North End Residents Organize Against Alleged Neglect By Landlord – Hartford Courant

Recommended by Ronald Stiles, Published on July 11th, 2017

It started with a mouse bite, one little Isabella Garces received in the middle of the night a few months ago.

Word traveled fast as the 1-year-old lay in a room in St. Francis Hospital and Medical Center. Eventually, it reached the Rev. Ashley "AJ" Johnson, a community leader who knew Isabella's mother through his work at Thirman Milner School.

Soon, Johnson saw firsthand the poor conditions that Isabella and her mother, Katiria Rivera, live in: mouse droppings in every room, an infestation so severe that Rivera's uncle caught 31 rodents over the course of two days using glue strips.

Johnson began looking into the building's owner, ultimately unraveling a network of subsidized housing in the North End that government officials last month said "raised serious health and safety concerns."

"Hartford has to do better with situations like this," Johnson said Monday. "This guy owns a concentrated area of poverty here, and no one has shed a light on it. And there are children living here."


The young pastor is holding a community meeting Tuesday afternoon in an attempt to call attention to Emmanuel Ku, the man behind the Clay Arsenal Renaissance Apartments. Ku, operating out of Queens, N.Y., owns 26 subsidized properties in Hartford, for a total of 150 rentable units, according to Rhonda Siciliano, a spokeswoman from the federal Department of Housing and Urban Development.

Ku's battles with local housing boards have become highly publicized in other states, including Alabama, Michigan and New York.

At Johnson's insistence, HUD officials inspected the apartment building where Rivera lives on May 30. The department issued a notice of default to Ku the next week that identified "several deficiencies that needed to be corrected right away," according to a statement from the department's local office.


Those deficiencies included unsecured balconies at the building, the rodent infestation and the presence of mold in several units, Siciliano said.

Ku followed the instructions provided to him after the May inspection, the HUD statement reads. But the default notice came with an expanded inspection of 50 percent of the properties in the Renaissance Apartments, a move that the government agency noted was "much more intense than the usual sample."

That second inspection was completed June 28 and 29, and the full results of it are not yet available, according to HUD.

"I know it's not popular to organize around this, but it's a crucial issue," Johnson said. "Just because you're on HUD housing doesn't mean you're not a person."

Ku, in a statement to The Courant, said his company is aware of the issues at the apartments and is particularly concerned with the rodent issue, which he attributed to the recent demolition of a "meat packing building close by." It's unclear which building he was referring to.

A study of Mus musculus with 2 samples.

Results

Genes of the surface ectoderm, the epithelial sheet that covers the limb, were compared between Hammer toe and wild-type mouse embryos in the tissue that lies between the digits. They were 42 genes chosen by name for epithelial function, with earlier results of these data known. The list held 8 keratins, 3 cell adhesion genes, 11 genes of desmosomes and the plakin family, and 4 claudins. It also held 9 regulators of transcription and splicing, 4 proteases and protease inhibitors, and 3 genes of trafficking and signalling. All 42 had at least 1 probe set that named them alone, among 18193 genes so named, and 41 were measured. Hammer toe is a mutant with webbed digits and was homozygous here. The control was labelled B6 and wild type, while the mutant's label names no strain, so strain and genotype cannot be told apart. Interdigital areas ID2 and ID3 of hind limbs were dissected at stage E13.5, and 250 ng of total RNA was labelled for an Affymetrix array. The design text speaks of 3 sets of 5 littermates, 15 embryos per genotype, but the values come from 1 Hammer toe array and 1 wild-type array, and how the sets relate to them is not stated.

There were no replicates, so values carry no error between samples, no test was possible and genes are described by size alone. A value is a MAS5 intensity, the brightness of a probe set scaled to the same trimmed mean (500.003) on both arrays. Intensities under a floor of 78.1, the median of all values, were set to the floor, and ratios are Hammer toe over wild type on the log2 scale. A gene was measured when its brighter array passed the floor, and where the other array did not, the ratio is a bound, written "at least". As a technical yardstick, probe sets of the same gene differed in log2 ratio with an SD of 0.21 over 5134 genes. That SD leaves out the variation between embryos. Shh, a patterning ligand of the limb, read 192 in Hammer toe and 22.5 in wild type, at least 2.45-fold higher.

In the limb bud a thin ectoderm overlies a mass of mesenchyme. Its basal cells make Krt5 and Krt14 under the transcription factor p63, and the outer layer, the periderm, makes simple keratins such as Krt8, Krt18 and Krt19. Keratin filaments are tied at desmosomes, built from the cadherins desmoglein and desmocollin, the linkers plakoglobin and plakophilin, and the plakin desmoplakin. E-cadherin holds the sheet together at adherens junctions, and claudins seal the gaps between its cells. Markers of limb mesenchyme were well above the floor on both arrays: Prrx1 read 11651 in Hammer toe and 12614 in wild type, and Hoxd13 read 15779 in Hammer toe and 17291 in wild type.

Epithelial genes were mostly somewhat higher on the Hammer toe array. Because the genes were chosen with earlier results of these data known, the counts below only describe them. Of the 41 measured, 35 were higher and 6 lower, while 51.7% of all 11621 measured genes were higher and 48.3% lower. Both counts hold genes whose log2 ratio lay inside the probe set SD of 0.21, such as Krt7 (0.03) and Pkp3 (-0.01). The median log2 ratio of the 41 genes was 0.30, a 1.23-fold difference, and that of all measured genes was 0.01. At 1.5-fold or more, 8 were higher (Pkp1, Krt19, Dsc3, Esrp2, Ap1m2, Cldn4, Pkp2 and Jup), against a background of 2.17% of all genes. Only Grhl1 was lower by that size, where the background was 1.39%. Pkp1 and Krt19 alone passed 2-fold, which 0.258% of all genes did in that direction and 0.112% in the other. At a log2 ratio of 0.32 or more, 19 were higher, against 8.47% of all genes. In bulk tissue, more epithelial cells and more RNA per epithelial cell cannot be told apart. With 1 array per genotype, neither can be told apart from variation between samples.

Further, Ku said his company has worked continuously with an exterminator, but said the issue is not yet resolved. He encouraged tenants to sign up for the extermination service at no cost to them.

"We have undertaken recommendations irrespective of the cost by the exterminator," Ku said. "It is our mission to provide a safe and clean living environment to all tenants at CARA."

He also noted his company's efforts to increase safety around the properties by installing security cameras and underscored his commitment to "engaging tenants to learn about issues and working together to resolve them."

Josh Serrano hopes those words ring true. He lives inside a Ku-owned building on Main Street. A black patch of mold looms like a sore on the ceiling of one his bathrooms.

He said he had been complaining about conditions inside the apartment for three years. Work didn't begin, he said, until HUD came calling last month. During their visit, he threw a glue strip into the building's hallway to catch their attention. It was full of still-dying mice.

"To them, it's nothing major, but my kids use this bathroom, I use this bathroom," Serrano said. "If everything was really a 'minor problem,' nothing would get done."

Last year, Ku received $1.6 million in rent subsidies from HUD for his Hartford properties, Siciliano said. City records show he bought all of his Hartford property on the same date in 2011 from another company that owned them, Clay Hill Associates.

Representatives from Mayor Luke Bronin's office said they were unable Monday to immediately answer questions about the city's record of inspections at the building where Rivera lives, or the other properties owned by Ku through his company, Ah Min Holding LLC.

Teri Morrison, a three-year tenant who lives in the same building as Rivera, hopes the city can provide those answers. She says she hasn't had much luck in communicating with Ku and his colleagues.

"They try to blame all of our problems on us not being clean," Morrison said as she stood in her kitchen, a "ground zero" for the mice in her apartment. "This building is just old and full of holes. If you buy something, if you invest in something, you have to make sure it's safe and clean for the people living in it."

Morrison has to clean mouse droppings daily, she said, and in a recent visit to her home tiny piles of them were hidden away in corners, near apparently ineffective glue traps. She's taken to storing her bread and other bakery items in plastic bags, which she tacks to the walls above her cabinets. Fruit has to be stored in the fridge, she added.

Maintenance workers have sprayed foam sealant under her baseboard heaters three times, she said. Yet, the "mice keep getting better," she said.